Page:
Den of Thieves Movie Review Doesn't Steal Your Time




Review: Den of Thieves

Doesn't Steal Your Time

At every gym, there are a select few who are vastly superior in their size, weight, and aura of arrogance. Even through their smacking of gum, intrepid grunts, scruffy voices, and unforgiving ability to lower self-esteem, one must admire the sheer unalloyed masculinity as they are the very last people to pick a fight with. If their size wasn't enough, the 600 pounds they are dead-lifting could very well give one second thoughts. Men like this are at the core of 'Den of Thieves', men who you only see on the silver screen or perhaps your local gym. Take Gerard Butler, the dogmatic cop who takes his rugged yet flawed character to cartoon heights, as if all else were to dwell in the shadow of his charisma. You could interpret this for every lead in the film, you could even say 'Den of Thieves' itself wears the same muscled aloofness with it to it's violent yet surprisingly rousing, dubious Keyser Soze inspired finish. Inspired may be a stretch as it borrows from "To Live and Die in LA' and 'Heat', although luckily it is wholly self aware.

There isn't an ounce of originality here, there is no prophetic insight, or attempt to voice itself through its cynical facades. The ending, in effect, nearly mirrors the Robert De Niro/Al Pacino standoff that concluded Michel Mann's 'Heat', a brilliant film that found prosperity in its modernist virtue of conviction. However, I was enticed by director Christian Gudegast's craft, and his capacity to shape tension, a rare feeling to surface in the January season at the Cineplex. It invites you in with the stalwart crew of deviants through humor and the refreshing ability to never take itself too seriously. Unfortunately, it's brisk pacing, burly characters, and gripping shootouts and bank robberies cannot make time always fly throughout the two hour and twenty-minute run-time, and it never remits characters to favor in the passage, making for a periodically frustrating watch.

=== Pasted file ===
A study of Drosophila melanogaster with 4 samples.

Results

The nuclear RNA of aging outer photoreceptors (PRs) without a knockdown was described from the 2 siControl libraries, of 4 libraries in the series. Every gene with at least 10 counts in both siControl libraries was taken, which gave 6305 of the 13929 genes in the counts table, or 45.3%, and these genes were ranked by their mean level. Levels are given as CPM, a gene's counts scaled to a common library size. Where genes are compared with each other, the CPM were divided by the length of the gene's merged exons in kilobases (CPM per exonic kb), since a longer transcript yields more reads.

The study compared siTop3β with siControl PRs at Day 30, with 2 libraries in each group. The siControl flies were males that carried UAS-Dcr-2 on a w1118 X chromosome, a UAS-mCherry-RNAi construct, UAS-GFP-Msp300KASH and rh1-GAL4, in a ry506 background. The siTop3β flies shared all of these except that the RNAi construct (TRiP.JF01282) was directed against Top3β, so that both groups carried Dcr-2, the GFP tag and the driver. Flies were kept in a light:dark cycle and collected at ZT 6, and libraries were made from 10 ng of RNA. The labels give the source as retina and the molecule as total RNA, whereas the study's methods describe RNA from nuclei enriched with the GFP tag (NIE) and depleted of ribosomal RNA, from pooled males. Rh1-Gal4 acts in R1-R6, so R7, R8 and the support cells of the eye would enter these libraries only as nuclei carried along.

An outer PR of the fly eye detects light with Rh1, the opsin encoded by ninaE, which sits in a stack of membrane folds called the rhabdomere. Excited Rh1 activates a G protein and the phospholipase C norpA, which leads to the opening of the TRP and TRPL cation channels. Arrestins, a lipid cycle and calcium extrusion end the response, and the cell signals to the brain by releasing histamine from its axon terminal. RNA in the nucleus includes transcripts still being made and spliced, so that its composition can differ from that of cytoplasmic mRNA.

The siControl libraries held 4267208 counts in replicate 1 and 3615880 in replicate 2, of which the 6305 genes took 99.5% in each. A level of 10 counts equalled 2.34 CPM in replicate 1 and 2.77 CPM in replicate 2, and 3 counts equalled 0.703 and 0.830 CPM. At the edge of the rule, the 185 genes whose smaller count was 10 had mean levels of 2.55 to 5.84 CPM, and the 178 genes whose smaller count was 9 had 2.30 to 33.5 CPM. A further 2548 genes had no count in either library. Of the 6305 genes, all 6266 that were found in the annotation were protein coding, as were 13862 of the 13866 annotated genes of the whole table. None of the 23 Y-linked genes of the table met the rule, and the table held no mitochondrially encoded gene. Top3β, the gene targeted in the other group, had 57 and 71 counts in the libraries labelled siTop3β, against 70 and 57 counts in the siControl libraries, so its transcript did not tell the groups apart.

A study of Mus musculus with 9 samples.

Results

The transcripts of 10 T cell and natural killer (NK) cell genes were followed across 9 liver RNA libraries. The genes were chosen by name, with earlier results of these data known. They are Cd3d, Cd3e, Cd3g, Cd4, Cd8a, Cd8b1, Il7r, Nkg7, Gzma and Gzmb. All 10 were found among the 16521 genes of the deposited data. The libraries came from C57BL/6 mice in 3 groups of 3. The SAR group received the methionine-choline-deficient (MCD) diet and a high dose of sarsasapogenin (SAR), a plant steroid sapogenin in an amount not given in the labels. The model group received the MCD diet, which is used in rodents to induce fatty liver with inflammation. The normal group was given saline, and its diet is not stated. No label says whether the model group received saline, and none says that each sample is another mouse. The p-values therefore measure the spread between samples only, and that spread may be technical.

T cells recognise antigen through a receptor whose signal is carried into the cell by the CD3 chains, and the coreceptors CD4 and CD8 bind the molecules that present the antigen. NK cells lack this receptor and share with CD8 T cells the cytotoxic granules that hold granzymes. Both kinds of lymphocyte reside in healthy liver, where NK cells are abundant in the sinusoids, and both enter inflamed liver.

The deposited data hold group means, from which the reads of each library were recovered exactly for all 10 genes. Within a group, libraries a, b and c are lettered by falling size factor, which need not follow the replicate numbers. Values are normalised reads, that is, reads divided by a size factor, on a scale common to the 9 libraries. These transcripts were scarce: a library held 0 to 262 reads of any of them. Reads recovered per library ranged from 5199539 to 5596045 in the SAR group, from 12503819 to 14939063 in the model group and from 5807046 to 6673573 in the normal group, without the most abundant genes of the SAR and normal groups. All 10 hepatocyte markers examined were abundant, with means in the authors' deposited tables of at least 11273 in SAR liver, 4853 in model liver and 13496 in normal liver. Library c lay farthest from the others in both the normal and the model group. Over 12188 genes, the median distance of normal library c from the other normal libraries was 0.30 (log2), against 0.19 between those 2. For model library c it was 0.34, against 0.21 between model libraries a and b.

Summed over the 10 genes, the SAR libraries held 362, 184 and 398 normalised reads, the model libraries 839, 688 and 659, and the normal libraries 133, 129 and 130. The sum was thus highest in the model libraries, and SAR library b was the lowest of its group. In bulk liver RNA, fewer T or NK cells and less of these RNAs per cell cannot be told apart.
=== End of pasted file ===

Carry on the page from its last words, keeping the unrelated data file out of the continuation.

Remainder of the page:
Opening to a scene that demands us to view the city of angles as a cesspool for thugs and bank robberies, the tone is promptly set. The film hastily maneuvers toward action as the group of thieves bereave an empty armored car, which would become a brilliant move and a vital piece to the final heist, although a move that did not go without carnage. The posse, of course, has more brains than brawn, as they divest and diverge culminating to a heist on the "one bank in L.A. that has never been robbed". The ringleader, played with heart by Pablo Schreiber painstakingly plans out the purposeful heists, as they lead up to something monumental. His company features the familiar faces of early winter action flicks 50 Cent, O'shea Jackson Jr., Brian Van Holt, and Evan Jones who are pursued by the daunting rogue policeman Gerard Butler, who wears his drunken tough presence through and through. Butler is the decided standout and a vessel for the films parcel of emotional weight traversing his archetypal past deadpan characters, showing dare I say, range and guise. Playing exceptionally off Schrieber, as the two's attempts to one-up each other flirt with being comical and playful.

Alfred Hitchcock once stated, "the length of a film should be directly related to the human bladder". Films that warrant a longer stay should inspire and have us captivated by the screen rather than thinking about our bodies need to "go", or cramp up. 'Den of Thieves', if trimmed down by twenty minutes (take out Butler's redundant family story), would have been a fresh and riveting debut from director Christian Gudegast, nonetheless, it's building tension and fine performances keep the film moving, amounting to entertainment that will not steal your time.